Last Updated: May 15, 2019
Now that you’ve committed to a college, your mind has most likely been drifting to other plans for the next four years: the classes you want to take, the clubs you want to join, deciding whether Biology or Pre-law is more your track, and of course, the mysterious new person you’ll be living with for the next year (or more).
Almost all college students are assigned to doubles, triples, or quads as freshmen, and to alleviate the stress of rooming with a stranger, many schools have begun allowing students to choose their own roommates as early as their first year. Policies vary by institution, but be aware that greater freedom comes with its own set of benefits and responsibilities.
While it’s true that you’re more likely to get along with your roommate if you have a set of common interests, random selection can open you up to new perspectives and teach you how to coexist peacefully with someone different from you. That said, here are some tips for the quickest and easiest ways to choose a roommate and—potentially—your new best friend.
1. Check your college’s guidelines
Many schools will place you with someone automatically if you both request each other; however, some go the old-fashioned route and assign you randomly or based on the results of a survey. (Fun fact: New York University chooses roommates based on geographical diversity.)
You’ll almost certainly be placed with someone of the same gender, unless you attend Clark University, Brown, UPenn, or another college that permits coed roommates if both parties choose each other. Research your school’s housing policy and the possibility of living in a double, triple, or quad, then log on to your social media site of choice and start searching!
2. Join class social media profiles and pages
I found my roommate through my college’s official class Facebook page, but accepted students often set up their own Instagram and Snapchat groups to get connected. It’s common to post a short bio with photos of yourself and your name, hometown, intended major, additional hobbies and interests, social media handles, and ways to contact you. Some will specify what they’re looking for in a roommate, such as a fellow athlete or a night owl, but students of all backgrounds and personalities can coexist with success.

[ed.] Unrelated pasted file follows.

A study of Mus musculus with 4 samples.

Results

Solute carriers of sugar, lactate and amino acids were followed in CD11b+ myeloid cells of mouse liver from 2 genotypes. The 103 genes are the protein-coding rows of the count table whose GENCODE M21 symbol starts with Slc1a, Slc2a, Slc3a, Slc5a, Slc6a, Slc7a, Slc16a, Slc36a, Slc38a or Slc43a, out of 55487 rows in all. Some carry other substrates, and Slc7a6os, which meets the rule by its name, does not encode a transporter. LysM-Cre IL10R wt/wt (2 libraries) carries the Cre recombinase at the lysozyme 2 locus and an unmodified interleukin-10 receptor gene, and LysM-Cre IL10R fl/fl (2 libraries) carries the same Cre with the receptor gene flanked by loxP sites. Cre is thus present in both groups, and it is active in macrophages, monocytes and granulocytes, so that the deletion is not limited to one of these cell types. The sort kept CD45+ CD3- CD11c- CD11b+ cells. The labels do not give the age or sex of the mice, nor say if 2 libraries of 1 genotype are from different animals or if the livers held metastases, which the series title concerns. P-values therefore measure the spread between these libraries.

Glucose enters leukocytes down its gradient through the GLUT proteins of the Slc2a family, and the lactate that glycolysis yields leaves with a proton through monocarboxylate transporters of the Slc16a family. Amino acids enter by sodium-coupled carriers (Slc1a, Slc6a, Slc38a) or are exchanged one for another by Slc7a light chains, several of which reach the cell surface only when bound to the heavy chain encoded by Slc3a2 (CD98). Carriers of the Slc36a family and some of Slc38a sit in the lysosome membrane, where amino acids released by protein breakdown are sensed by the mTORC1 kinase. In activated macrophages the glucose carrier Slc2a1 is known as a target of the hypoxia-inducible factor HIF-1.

3. Reach out to others
Making the first move can be scary. Still, it’s ultimately easier to introduce yourself to others than to wait for them to come to you. (And remember, they’re probably just as intimidated by the prospect of finding a roommate.)
Start small by commenting on a post a classmate made or complimenting them on a particular interest or trait. If you seem to hit it off, move on to a more private method of communication like email or texting, and ask questions with the aim of getting to know them better. If you have enough in common and believe that you’d be a good match, wait a few days to ask if they’d be interested in rooming with you. If, conversely, they ask you but you’re not interested or unsure, you can turn them down politely by saying you’ve already found a roommate.
4. Make an official agreement
Though you may think you and your future roommate have an agreement to live together, be sure to make it clear before it comes time to request them so you’re not left hanging. You can always check back in once you’ve started the housing form to confirm that they’re still interested and reiterate how excited you are to room with them. Bear in mind that you still may be assigned another roommate or two, so it’s a good idea to reach out to that third or fourth person if you find out that’s the case.
5. Take the survey
Even if you decide to request your own roommate, many colleges still require you to fill out a personal profile for selection purposes, especially with the possibility of being placed in a triple or quad. Make sure to complete it on time and put in the name of your first choice.
If you’re still unsure about your housing plans, don’t be afraid to throw your name into the lottery. Answer honestly and enjoy the excitement of getting to know someone new and unexpected. Either way, there’s a good chance you’ll end up liking whoever your roommate turns out to be.
Find more college roommate advice in our Student Life section.